One of the best places I visited when I was in Tokyo recently was Gallery Kawano, a vintage kimono shop, tucked away in Omotosando. For anyone who might be visiting at some point, I suggest you bookmark this post, because it’s a complete treat of a store, with surprisingly reasonable prices (which is saying something for Japan).
I was tipped off about it by global shopping guru (and TWR reader, luckily) Cesca Muston, who spends more time than is probably good for her roving the world looking for for inspiring stores to visit (as part of her job at WGSN, I know, tough one eh?). It’s worth the trip for colour and print inspiration alone, but if you fancy a printed kimono (they make lovely dressing gowns as well as beautiful jackets) this really is the place to visit. Short ones start at about £50-£60.
The shop specialises in both special vintage and rare patterned kimonos and ones that are more ‘second hand’, there are also lots of the indigo dye ones which men can wear and piles of obi belts in a huge variety of prints and colours. If you are a fabric hoarder, you could go quite mad trying to choose which ones to buy (they are about £30 each, which is reasonable as there is masses of fabric in an obi).
The best find for me, was the patchwork pieces, sold in bundles of 20 good size rectangles, which the shop makes up from old kimonos that are no good to sell as garments. These come in brightly coloured silk bundles, indigo bundles and cotton gauze bundles at about £10 each, needless to say I bought one of each. You can see them on the counter, bottom picture.
We learnt that in Japan, kimono sleeves -which are often huge- were where bribes were hidden during the Shogun era, hence instead of referring to a shady deal being ‘under the table’, the Japanese refer to it as ‘under the kimono sleeve’.The word kimono means ‘the thing worn’ and although I hardly saw anyone in Tokyo wearing one, out in Kyoto (Japan’s original capital) I saw more and the Japanese government is trying to encourage women to wear the kimono more often, so as not to lose the cultural importance of the dress.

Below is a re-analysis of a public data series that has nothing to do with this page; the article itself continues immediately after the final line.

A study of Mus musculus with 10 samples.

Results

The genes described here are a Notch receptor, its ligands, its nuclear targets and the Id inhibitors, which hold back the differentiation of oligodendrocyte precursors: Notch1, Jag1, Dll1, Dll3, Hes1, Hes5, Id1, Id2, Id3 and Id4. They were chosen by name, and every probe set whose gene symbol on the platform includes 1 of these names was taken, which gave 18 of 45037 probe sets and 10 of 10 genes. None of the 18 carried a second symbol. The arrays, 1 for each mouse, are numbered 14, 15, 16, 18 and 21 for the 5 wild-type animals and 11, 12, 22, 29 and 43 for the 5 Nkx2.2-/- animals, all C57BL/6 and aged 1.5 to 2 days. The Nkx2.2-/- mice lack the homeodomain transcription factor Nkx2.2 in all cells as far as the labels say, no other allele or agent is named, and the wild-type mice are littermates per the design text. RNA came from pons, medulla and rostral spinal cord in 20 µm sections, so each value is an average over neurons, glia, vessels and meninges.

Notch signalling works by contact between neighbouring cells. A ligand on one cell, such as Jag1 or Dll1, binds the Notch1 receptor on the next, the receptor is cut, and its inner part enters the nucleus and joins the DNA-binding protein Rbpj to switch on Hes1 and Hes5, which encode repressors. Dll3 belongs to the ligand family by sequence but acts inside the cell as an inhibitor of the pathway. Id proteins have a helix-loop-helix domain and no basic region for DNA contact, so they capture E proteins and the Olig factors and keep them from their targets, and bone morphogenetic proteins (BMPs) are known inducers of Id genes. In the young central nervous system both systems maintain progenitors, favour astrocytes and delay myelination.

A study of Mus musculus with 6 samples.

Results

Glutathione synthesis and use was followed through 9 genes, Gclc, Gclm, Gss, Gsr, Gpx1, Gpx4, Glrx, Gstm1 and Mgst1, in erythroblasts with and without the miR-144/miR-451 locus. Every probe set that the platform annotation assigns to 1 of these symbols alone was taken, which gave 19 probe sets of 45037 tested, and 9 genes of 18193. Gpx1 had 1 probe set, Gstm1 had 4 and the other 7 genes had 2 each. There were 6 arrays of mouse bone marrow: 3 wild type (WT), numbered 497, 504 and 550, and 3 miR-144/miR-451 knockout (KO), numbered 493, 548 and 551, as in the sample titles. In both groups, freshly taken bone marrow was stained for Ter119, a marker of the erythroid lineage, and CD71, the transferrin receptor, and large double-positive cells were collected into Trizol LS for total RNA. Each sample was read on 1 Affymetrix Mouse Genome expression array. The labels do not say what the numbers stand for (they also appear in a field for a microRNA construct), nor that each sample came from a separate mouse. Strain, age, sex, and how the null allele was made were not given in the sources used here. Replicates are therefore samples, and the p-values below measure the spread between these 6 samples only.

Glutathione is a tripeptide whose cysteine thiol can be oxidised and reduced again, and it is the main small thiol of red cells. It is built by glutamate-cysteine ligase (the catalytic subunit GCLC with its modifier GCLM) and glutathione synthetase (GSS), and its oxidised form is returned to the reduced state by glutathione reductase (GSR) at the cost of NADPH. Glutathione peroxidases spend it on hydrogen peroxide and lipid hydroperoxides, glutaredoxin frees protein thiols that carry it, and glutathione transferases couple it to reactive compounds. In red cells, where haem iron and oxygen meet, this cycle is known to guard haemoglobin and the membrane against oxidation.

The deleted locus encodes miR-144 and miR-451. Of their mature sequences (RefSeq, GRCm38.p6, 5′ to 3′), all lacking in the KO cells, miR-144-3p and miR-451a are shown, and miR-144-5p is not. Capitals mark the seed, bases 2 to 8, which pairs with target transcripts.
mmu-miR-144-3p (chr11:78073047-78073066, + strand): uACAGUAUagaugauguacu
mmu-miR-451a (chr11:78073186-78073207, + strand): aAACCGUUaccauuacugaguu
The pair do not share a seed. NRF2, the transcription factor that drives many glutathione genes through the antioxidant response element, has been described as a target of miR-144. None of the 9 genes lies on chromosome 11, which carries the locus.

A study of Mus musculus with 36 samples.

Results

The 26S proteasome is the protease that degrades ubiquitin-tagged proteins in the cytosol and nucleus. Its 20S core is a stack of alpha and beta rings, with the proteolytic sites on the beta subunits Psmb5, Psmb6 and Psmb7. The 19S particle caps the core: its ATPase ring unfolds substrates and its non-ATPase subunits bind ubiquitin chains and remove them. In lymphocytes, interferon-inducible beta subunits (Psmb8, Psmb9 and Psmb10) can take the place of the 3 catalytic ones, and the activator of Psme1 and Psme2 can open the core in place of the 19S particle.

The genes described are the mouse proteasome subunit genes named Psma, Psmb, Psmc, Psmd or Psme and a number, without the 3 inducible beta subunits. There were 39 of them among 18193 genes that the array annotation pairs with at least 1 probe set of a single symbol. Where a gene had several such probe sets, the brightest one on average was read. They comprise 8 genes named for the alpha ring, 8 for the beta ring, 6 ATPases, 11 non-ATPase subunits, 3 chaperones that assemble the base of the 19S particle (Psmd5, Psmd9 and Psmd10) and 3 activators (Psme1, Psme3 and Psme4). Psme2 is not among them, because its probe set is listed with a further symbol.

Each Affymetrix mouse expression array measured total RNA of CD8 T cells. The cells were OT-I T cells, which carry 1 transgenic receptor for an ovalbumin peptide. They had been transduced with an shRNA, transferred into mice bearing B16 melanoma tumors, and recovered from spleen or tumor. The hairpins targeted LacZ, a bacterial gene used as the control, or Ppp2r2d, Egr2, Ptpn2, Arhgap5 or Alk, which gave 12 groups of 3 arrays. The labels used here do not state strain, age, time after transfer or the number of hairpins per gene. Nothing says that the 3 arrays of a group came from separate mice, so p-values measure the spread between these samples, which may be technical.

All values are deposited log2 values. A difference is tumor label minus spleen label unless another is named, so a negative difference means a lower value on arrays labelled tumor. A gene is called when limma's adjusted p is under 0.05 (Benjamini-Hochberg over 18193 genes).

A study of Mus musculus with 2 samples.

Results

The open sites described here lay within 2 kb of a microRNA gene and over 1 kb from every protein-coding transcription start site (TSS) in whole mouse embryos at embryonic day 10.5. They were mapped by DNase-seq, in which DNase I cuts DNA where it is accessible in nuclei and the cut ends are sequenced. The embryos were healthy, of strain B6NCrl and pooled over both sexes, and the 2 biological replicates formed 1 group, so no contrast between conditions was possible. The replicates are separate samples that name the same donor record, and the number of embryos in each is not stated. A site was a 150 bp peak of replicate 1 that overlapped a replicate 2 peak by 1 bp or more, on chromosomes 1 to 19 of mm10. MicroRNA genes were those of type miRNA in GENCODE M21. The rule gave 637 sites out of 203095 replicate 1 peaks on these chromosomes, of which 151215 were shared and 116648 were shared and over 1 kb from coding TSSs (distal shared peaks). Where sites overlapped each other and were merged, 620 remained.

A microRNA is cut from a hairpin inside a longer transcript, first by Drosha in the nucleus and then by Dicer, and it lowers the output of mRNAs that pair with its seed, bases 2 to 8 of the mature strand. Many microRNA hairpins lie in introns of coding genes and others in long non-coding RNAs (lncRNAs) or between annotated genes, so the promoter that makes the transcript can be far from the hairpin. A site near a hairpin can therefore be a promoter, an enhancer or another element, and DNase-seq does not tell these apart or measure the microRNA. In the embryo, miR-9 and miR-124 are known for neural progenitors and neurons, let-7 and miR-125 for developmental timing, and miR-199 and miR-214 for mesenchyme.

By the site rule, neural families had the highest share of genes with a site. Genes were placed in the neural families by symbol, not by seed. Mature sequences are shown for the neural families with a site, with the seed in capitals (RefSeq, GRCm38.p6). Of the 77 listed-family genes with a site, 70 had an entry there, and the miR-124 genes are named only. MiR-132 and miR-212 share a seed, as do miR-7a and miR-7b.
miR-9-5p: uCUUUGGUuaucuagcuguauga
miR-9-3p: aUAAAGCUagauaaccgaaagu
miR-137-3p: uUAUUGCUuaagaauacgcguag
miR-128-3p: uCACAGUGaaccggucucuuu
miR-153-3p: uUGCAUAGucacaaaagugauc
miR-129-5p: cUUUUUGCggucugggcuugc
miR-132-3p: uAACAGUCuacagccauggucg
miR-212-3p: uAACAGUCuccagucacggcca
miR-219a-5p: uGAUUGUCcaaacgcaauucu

Piles of obi belts in a million colours. Obi belts can be very wide or just a hand’s width, depending on the occasion. Due to the simple structure of the kimono shape, all the effort goes into the print, colour and combination of accessories worn with it.
The indigo dye kimonos are good for men, the range of geometric patterns on the prints is immense.
The shop is run by a mother and daughter, below is the daughter, mum is skulking out the back, not wanting to have her photo taken.
The shop has a website here and its address is Flats Omotosando 102, 4-4-9 Jingumae Sibuya-ku, Tokyo. It’s tricky to find, tucked away behind Omotosando Hills.
Further reading on Kimonos can be found on the V&A’s website here
I frequently travel to Japan from Australia and am always surprised when people describe Japan and Tokyo in particular as expensive. My experience is this is a myth and the perpetuation of it discourages people from travelling there.
That said, I will certainly be seeking this shop out when I return next year.
oh how amazing. I love kimono, fabulous colours and patterns. I had always assumed that even secondhand ones would be prohibitively expensive. All the things I could do with the patchwork squares (forgets mounds of fabric already in cupboard) . I’ve only been to Osaka, not tokyo or Kyoto and would love to see both. GG
What a gorgeous shop. I’m seriously drooling over these. We’ve been trying to find a kimono collector to feature on Obsessionistas for ages.
Helen, I was remarkably reserved when I shopped here, buying only bundles of patchwork pieces, but now I’m being seduced by my own photos and wondering why I didn’t buy the whole shop…the variety of prints was wonderful. A kimono collector MUST be found! Ax
OMG – I would seriously sell my right arm for a kimono jacket like any of the ones in your pictures – the Obi belt’s – ahhhh awesome – I love it all – I need to go to Tokyo NOW seriously – how can I persuade the husband that Tokyo needs to be our next holiday destination not Australia ?!!!
Wow, you were very restrained. When are you going back? I’d like to place an order!
Hm now there’s an idea, if I take enough orders I might justify another trip! If anyone’s interested, there’s a very nice lady who has a good kimono stall at Hammersmith Vintage Fair too, she’s worth a visit if it’s closer than Tokyo. Ax
These are amazing. I’ve always admired how beautiful Kimono’s can be. I was just listening to a piece about the making of them. It seems like the tradition of hand making them is falling by the way side. It’s labour intensive and more expensive than the mass production way of making them. We should really cherish these while we can.
I actually went to the shop it is GREAT!!!! Thanks for this! I bought two gorgeous pieces for less than 60€. A must for vintage kimono lovers travelling to Tokyo.